This is a cool-sounding plan. Yet perhaps you’ve also seen the Facebook group aimed at getting professional funny lady Tina Fey to our graduation.

To this initiative I say: hell yes. Let’s make Tina Fey the commencement speaker for 2011.

“She is a woman who has really achieved a lot in a field [in which] men generally do much better,” said College senior Jenna Stahl, a founder of the “Petition: Make Tina Fey Penn Class of 2011 Commencement Speaker” Facebook group. “I think that’s really admirable. I think she’d do a great speech. To boot, she’s really funny. I think people would be a lot more excited about commencement.”

The fact that Fey is a woman is hardly insignificant. She’d be our 11th female commencement speaker since 1938. How many men have there been? Ninety-nine.

Maybe you have yet to attend an above-high-school graduation. The truth is, no matter how circumstantial the circumstance and pompy the pomp, all graduations have one thing in common: they’re boring.

Even your parents, who find your every success cause for disproportionate celebration, probably think graduations are boring and just don’t want to tell you. Ceremonies bring out feelings of accomplishment and tradition. But after a while, all you feel is restless. Our choice of a commencement speaker should not be driven by a desire to out-prestige every other school (although should Columbia actually snag the POTUS, I’ll tip my mortorboard to them). Trust me, fellow Quakers, what you want most of all is a speaker who can make you laugh.

Plus, Fey’s appeal goes beyond her sense of humor. Obama might be a Columbia alumnus, but Fey is from Upper Darby. That’s 18 years of Philadelphia devotion before college alone. And, as Stahl said, “It’s a combination of her being funny and the fact that she can say a lot about hard work, creativity and persistence.”

What say you, Penn seniors?

“I’d like that,” College senior Mike Hiatt said. Then — likely echoing the thoughts of many 2011’ers — he added that Fey would be better than last year’s speaker, Jon M. Huntsman, Jr.

This initiative, Stahl said, is not intended to offend Huntsman, even though Friday Night Lights author and former Daily Pennsylvanian editor Buzz Bissinger told a crowd at Kelly Writers House this Monday that the Wharton School building in his father’s name looks like a penis. There are also students who disagree with the entertainer-as-speaker argument.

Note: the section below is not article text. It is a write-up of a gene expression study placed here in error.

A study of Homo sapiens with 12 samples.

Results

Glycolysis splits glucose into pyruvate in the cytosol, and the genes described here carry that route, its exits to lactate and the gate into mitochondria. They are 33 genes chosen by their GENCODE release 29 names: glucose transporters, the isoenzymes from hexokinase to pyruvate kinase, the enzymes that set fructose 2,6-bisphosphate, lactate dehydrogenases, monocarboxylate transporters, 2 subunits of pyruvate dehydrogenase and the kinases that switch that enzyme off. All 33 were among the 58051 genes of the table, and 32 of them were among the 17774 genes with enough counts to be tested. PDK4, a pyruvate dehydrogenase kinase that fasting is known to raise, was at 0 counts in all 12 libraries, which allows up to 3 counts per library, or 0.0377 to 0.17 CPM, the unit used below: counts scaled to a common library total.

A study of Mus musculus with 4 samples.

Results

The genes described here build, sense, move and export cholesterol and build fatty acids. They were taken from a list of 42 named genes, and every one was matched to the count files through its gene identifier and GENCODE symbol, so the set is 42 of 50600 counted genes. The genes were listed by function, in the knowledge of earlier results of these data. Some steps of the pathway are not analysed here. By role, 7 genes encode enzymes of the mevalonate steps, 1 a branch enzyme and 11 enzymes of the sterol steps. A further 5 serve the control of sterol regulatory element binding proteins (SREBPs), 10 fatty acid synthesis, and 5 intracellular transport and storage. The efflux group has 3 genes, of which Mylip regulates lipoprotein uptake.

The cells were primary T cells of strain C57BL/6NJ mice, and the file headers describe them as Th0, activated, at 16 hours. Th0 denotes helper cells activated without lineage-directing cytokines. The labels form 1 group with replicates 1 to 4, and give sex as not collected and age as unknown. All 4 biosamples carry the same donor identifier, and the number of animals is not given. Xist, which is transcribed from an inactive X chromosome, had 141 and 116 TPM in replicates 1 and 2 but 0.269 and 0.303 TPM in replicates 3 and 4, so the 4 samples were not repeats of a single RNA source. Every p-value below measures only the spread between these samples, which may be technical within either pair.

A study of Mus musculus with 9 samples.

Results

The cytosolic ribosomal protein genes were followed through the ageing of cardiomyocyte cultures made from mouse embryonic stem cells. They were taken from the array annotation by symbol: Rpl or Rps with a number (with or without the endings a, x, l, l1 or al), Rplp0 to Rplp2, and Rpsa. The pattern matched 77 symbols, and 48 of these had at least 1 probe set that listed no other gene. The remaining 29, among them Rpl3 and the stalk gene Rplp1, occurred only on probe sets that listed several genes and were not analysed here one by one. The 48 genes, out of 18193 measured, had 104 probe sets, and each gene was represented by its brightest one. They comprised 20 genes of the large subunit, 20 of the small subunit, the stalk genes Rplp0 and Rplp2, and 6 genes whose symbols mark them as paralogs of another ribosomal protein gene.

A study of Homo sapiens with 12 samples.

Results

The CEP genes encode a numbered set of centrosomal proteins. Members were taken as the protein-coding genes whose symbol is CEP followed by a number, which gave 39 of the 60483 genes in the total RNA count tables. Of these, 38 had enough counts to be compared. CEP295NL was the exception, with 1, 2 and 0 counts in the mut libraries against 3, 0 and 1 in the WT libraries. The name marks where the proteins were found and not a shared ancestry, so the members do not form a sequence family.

“The Penn commencement speaker is one of the great opportunities in my lifetime to get to hear someone that impacts our world,” College senior Landon Marder said . “I care most about the way that the speaker can be insightful … and that will most likely be found in the business or political community.”

However, while we’re quick to associate success with all things governmental and financial, Fey’s artistic successes are just as incredible: seven Emmys, four Screen Actors Guild Awards, four Writers Guild of America awards and three Golden Globes, not to mention her now-famous Sarah Palin impersonation and its incalculable-yet-undeniable influence on the Presidential election of 2008.

Comedy is a realm in which you can be more insightful than almost anyplace else. You’re in the business of social commentary all the time and you operate sans boundaries.

And as for Fey’s impact on our world, do you quote Mean Girls on a regular basis? Shut up! This means Fey has been such an integral part of our outside-the-classroom education that she has changed the way we speak to each other. Blamo. She’s basically an English professor here already.

I am hopeful that we can get Fey here. In fact, I am audaciously hopeful. Can we do this, Class of 2011? Yes we can.

Jessica Goldstein is a College senior from Berkeley Heights, N.J. Her e-mail address is Say Anything appears on alternate Wednesdays.